THE SOUTHERN STARS.
   AIR  The Bonnie Blue Flag,  or the  Irish Jaunting Car. 
Oh, God, protect the soldiers who are struggling in the fight,
Between their hearts and Northern arms oh! interpose thy might!
And send us home our dear ones in safety from the wars,
With triumph to the noble flag that bears the Southern stars.
	Hurrah! hurrah! for Southern rights hurrah!
	Hurrah for the noble flag that bears the Southern star.

We Southern wives and mothers will raise the joyous shout,
To welcome home with happy tears the loved ones we sent out,
And when we hear them coming, we ll echo from afar
The triumphs of the noble flag that bears the Southern star.
	Hurrah! hurrah! &c.

For well we loved those soldiers, and felt their parting sore;
But though we loved our soldiers well, we loved our country more.
With trusting hearts we sent them forth to battle in our cause.
And firmly plant the noble flag that bears the Southern stars.
	Hurrah! hurrah! &c.

And well those soldiers paid our love through many a dreadful day 
Through flood, through fire, their faith grew higher, nor blenched nor turned away;
And long our Northern foes shall wail the havoc of the wars
When Southern bands first raised their hands beneath the Southern stars.
	Hurrah! hurrah! &c.

And children yet unborn shall tell, beside their household fires,
The wond rous tale of Southern wrongs, and bless their noble sires.
And proud shall be the sons of those who, in our righteous cause,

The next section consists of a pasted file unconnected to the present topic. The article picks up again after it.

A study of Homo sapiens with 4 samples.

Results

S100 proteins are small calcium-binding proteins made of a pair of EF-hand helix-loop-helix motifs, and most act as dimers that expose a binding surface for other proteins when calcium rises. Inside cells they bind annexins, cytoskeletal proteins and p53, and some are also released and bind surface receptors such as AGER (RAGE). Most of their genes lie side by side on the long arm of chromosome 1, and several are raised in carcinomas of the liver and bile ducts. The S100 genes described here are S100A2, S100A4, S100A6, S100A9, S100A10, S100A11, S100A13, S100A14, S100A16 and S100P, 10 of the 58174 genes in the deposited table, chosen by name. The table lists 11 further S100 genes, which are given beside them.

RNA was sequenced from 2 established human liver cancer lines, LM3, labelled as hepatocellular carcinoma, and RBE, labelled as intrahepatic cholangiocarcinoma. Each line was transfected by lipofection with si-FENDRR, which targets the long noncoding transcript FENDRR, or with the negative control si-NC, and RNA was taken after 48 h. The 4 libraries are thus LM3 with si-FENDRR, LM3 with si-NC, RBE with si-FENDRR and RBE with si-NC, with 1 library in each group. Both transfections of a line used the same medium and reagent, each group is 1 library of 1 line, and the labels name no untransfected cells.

Fought, bled and died for freedom s sake beneath the Southern stars.
	Hurrah! hurrah! &c.

Title:Thomas Butler Gunn Diaries, Volume Twenty-One: page two hundred and thirty
Description:Printed song lyrics to ''The Southern Stars.''
Subject:Baker, Francis; Civil War; Gunn, Thomas Butler; Songs
Scan Date:2010-11-18


Title:Thomas Butler Gunn Diaries, Volume Twenty-One
Description:Includes Gunn's descriptions of his experiences as a war correspondent for ""The New York Tribune"" at New Orleans, Louisiana, and Baton Rouge, Louisiana; boarding house living; a visit to the Rawlings family; a fight with Mr. Blankman at his boarding house; his journey on the North Star with the Banks expedition; the re-occupation of Baton Rouge by Union forces; a visit to a sugar plantation in Louisiana; and Fanny Fern's daughter Grace Thomson's death.
Subject:African Americans; Boardinghouses; Bohemians; Civil War; Gunn, Thomas Butler; Journalism; Military; Publishers and publishing; Transportation; Travel; Women
Coverage (City/State):New York, New York; New Orleans, Louisiana; Baton Rouge, Louisiana
Note:Thomas Butler Gunn was born February 15, 1826, in Banbury, England, and came to New York in 1849. During the Civil War he worked as a correspondent for the New York Tribune and the New York Evening Post. He returned to England in 1863, and died in Birmingham in April 1903. The collection includes twenty-one volumes of his diaries, including newspaper clippings, letters, photographs, sketches, and various other items inserted by Gunn. Diary entries date from July 7, 1849, to April 7, 1863, and include his experiences with the New York publishing and literary world, his descriptions of boarding houses, his travels throughout the United States, and his experiences traveling with the Federal army as a Civil War correspondent.
Publisher:Missouri History Museum
Rights:Copyright 2010 Missouri History Museum.
Source:Page images, transcriptions, and metadata of the Thomas Butler Gunn diaries have been provided by the Missouri History Museum.